Courses on the BCL and MJur are taught using a combination of lectures, seminars, and tutorials. The availability of tutorials is a distinctive, unique feature of the BCL and the MJur when compared to other Masters in Law. In contrast to seminars and lectures, which usually include all students on any particular course, tutorials normally involve between two and four students meeting with a tutor, to assess the students’ own written work, or to discuss a particular topic in a much more individual and intensive way than is possible in larger groups. In most courses, a diet of four tutorials can be expected.
A gateway to research
The Master of Philosophy in Law (MPhil) is a research degree available as an add-on to the taught BCL and MJur degrees. Admission to the MPhil is conditional upon good performance in the BCL or MJur. Students must normally take up their MPhil places straight after the BCL/ MJur, although a one-year deferral is sometimes possible.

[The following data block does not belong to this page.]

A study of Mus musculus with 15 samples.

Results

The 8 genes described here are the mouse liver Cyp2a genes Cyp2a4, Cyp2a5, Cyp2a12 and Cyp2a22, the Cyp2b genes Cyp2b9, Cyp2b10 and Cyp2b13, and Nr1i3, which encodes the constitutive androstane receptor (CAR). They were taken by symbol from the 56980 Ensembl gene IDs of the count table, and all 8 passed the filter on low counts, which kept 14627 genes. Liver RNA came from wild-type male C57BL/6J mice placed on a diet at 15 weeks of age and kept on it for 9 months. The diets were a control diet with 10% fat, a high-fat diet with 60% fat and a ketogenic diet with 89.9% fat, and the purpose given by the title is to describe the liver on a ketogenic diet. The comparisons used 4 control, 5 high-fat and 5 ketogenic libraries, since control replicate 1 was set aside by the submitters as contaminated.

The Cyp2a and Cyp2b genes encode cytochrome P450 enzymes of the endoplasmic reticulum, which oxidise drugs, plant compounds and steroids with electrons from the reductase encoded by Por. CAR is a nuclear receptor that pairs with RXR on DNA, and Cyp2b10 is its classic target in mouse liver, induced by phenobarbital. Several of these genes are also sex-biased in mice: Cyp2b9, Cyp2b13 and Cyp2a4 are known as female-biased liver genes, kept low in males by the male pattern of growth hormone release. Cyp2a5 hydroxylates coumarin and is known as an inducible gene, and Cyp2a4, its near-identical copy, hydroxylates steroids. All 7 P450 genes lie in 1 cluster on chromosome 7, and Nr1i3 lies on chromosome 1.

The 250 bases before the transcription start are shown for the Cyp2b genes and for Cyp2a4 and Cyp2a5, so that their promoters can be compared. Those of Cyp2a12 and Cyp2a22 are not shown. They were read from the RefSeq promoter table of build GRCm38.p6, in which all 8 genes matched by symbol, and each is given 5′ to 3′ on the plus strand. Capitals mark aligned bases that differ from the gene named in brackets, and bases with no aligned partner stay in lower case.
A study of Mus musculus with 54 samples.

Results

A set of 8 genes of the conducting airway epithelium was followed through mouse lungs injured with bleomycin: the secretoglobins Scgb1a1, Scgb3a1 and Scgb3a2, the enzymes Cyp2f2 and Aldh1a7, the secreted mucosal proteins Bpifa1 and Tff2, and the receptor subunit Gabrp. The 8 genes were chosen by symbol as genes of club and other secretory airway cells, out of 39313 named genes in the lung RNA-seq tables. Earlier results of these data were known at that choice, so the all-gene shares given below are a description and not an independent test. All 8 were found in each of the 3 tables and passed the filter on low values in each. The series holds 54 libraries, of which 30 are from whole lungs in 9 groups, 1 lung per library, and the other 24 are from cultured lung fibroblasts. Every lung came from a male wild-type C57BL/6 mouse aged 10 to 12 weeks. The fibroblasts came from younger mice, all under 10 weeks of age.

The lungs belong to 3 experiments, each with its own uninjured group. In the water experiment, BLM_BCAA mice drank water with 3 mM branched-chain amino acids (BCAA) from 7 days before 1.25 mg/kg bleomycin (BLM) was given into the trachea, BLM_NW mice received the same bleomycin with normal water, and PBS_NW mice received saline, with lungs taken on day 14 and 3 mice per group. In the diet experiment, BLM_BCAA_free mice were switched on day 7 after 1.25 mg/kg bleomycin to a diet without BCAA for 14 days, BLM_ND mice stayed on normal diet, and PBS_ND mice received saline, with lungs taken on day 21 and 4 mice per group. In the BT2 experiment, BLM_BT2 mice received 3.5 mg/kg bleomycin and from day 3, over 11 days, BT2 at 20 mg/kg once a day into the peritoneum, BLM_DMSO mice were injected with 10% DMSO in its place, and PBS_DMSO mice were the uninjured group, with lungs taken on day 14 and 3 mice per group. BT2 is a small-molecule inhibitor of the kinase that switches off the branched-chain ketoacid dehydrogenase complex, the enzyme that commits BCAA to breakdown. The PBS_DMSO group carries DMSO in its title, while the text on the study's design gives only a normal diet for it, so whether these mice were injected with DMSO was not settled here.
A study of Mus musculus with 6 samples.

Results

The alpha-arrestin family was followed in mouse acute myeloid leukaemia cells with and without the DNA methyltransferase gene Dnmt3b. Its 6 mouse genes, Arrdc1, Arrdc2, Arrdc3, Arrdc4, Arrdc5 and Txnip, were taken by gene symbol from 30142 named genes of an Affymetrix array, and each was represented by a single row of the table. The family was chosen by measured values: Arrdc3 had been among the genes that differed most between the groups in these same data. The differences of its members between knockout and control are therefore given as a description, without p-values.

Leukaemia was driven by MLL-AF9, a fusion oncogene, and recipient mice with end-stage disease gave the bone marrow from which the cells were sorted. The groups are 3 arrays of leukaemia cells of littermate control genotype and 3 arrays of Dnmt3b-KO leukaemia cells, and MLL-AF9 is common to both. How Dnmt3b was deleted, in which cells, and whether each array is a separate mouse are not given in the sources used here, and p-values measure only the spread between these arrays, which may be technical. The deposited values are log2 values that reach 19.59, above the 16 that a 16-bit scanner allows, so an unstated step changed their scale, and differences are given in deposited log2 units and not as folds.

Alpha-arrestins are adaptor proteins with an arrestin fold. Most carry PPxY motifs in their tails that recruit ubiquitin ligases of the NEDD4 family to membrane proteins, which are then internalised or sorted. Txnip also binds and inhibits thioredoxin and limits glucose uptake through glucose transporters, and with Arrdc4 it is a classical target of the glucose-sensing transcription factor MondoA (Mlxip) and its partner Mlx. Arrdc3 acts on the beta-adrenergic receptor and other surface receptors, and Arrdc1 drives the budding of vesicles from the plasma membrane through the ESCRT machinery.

Kristin Van Zwieten,
Clifford Chance Associate Professor of Law and Finance
Those interested in taking their research further can apply for admission to the Doctor of Philosophy after completion of the BCL or MJur. They can either be admitted to this status directly after taking the BCL/ MJur, in which case they will spend a year as a probationer research student and then take a qualifying test to become a full DPhil student; or they can move to DPhil status after completion of the MPhil, in which case the MPhil year can count instead of the year spent as a probationer research student, and the MPhil examination can double as the qualifying test. The Oxford DPhil is the largest and strongest doctoral programme in Law in the English-speaking world. The BCL/ MJur year creates an ideal platform from which to launch into serious research.